The U.S. Department of State’s (DOS) Visa Bulletin for July 2010 makes clear that employment-based immigrant visa applicants will have to wait longer and longer. Across all categories with backlogs, there’s been very little movement over the last several months and no movement for unskilled “other workers.” Mexicans, for example, face an especially bleak outlook: visas for the entire employment-based third preference – the classification for professionals, skilled and unskilled workers – have been unavailable since May and will remain so until the next fiscal year, which begins October 1, 2010. When visas do become available, the wait is expected to be at least eight years. DOS also cautions that a cut-off date for religious worker immigrant visas may appear in September.
On the family side, immigrant visa backlogs have eased up, with backlogs in most categories eliminated by about six months. This improvement reflects lower demand. Nevertheless, significant waits remain for most family members. For example, unmarried sons and daughters (children over 21) of U.S. citizens must wait a little more than five years (Mexicans and Filipinos wait more than 15 years), and brothers and sisters of U.S. citizens wait nine years (Mexicans and Filipinos wait 15 or more years).
What does this all mean and how does the system operate? For those who are unfamiliar with the Visa Bulletin and what it actually means, a brief summary is provided below:
The immigration law sets out limitations on the total worldwide number of immigrant visas that can be issued by category per fiscal year. Approximately 140,000 immigrant visas are allocated for employment and 480,000 for family-based petitions. The law also establishes an annual per-country limitation of 7%, which visa issuances from any single country may not exceed. The country limitation serves to avoid visa monopolization by applicants from only a few countries. However, the limitation is not a quota to which any particular country is entitled. Thus, visa applicants compete for visas on a worldwide basis and within their country.
The State Department is responsible for administering these annual numerical limitations. At the beginning of each month, the DOS Visa Office (VO) receives a report from each consular post listing totals of documentarily qualified immigrant visa applicants in categories subject to numerical limitation. Applicants entitled to immigrant status become documentarily qualified at their own initiative by filing and obtaining, for example, an approved I-140 or I-130 immigrant visa petition. Cases are grouped by foreign state “chargeability,” “preference category,” and “priority date.” “Chargeability” is generally determined by the applicant’s birth country, “preference category” is the classification under which the individual is eligible, and “priority date” is the date on which the petition to accord the applicant immigrant status was filed.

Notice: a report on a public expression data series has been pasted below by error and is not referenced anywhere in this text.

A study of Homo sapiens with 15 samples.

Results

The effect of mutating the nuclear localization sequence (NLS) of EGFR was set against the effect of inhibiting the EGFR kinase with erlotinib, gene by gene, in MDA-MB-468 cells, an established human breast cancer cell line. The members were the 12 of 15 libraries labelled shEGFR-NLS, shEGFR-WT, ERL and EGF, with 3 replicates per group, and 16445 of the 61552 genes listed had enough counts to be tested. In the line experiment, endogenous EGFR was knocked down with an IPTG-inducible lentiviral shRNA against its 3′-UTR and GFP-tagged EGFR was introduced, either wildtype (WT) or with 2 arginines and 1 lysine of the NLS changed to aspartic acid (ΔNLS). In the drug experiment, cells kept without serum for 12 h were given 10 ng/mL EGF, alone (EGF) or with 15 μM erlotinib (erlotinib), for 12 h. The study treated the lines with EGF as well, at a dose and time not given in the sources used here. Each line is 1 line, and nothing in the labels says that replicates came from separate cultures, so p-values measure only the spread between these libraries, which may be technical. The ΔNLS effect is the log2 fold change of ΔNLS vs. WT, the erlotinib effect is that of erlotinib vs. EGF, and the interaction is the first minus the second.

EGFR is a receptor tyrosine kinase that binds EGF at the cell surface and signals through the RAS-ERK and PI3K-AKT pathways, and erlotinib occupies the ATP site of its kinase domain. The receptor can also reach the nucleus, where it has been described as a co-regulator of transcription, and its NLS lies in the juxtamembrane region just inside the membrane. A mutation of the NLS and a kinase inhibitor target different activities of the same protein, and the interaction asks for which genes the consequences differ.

The VO subdivides the annual preference and foreign state limitations specified by law into monthly allotments. The totals of qualified applicants that have been reported to VO are compared each month with the numbers available for the next regular allotment. Next, the VO considers a number of factors to determine how many numbers are available. These include past use, estimates of future use and return rates, and estimates from USCIS. Once this calculation is done, cut-off dates are established and visas are allocated in order of an applicant’s priority date. Cut-off dates and visa availability then are published in the monthly DOS Visa Bulletin.
If there are sufficient numbers in a particular category to satisfy demand, the category is considered “current” and reported as such in the Visa Bulletin. This means there is no backlog or wait. When, however, the total of qualified applicants in a category exceeds the supply of visa numbers available for the particular month, the category is considered to be “oversubscribed,” and a visa availability cut-off date is established. The cut-off date is the priority date of the first applicant who could not be accommodated for a visa number. For example, if the monthly target is 3,000 and there is demand for 8,000 visas, the VO establishes a cut-off date so that only the first 3,000 numbers would be allocated. In this case, the cut-off would be the priority date of the 3,001st applicant. Only persons with a priority date earlier than a cut-off date would be entitled to apply for a visa.
When visa demand from a particular country exceeds the amount of visa numbers available under the annual numerical limitation, that country is considered to be oversubscribed. Oversubscription generally requires the establishment of a cut-off date in a particular visa category that is earlier than on a worldwide basis. This results in a separate listing of that country on the DOS Visa Bulletin.
Not all numbers allocated are actually used for visa issuance; some are returned to VO and are reincorporated into the pool of numbers available for later allocation during the fiscal year. The rate of return of unused numbers often fluctuates from month to month; demand also fluctuates. These fluctuations cause cut-off dates to slow, stop, or even retrogress. Retrogression is common near the end of the fiscal year as visa issuance approaches the annual limitations.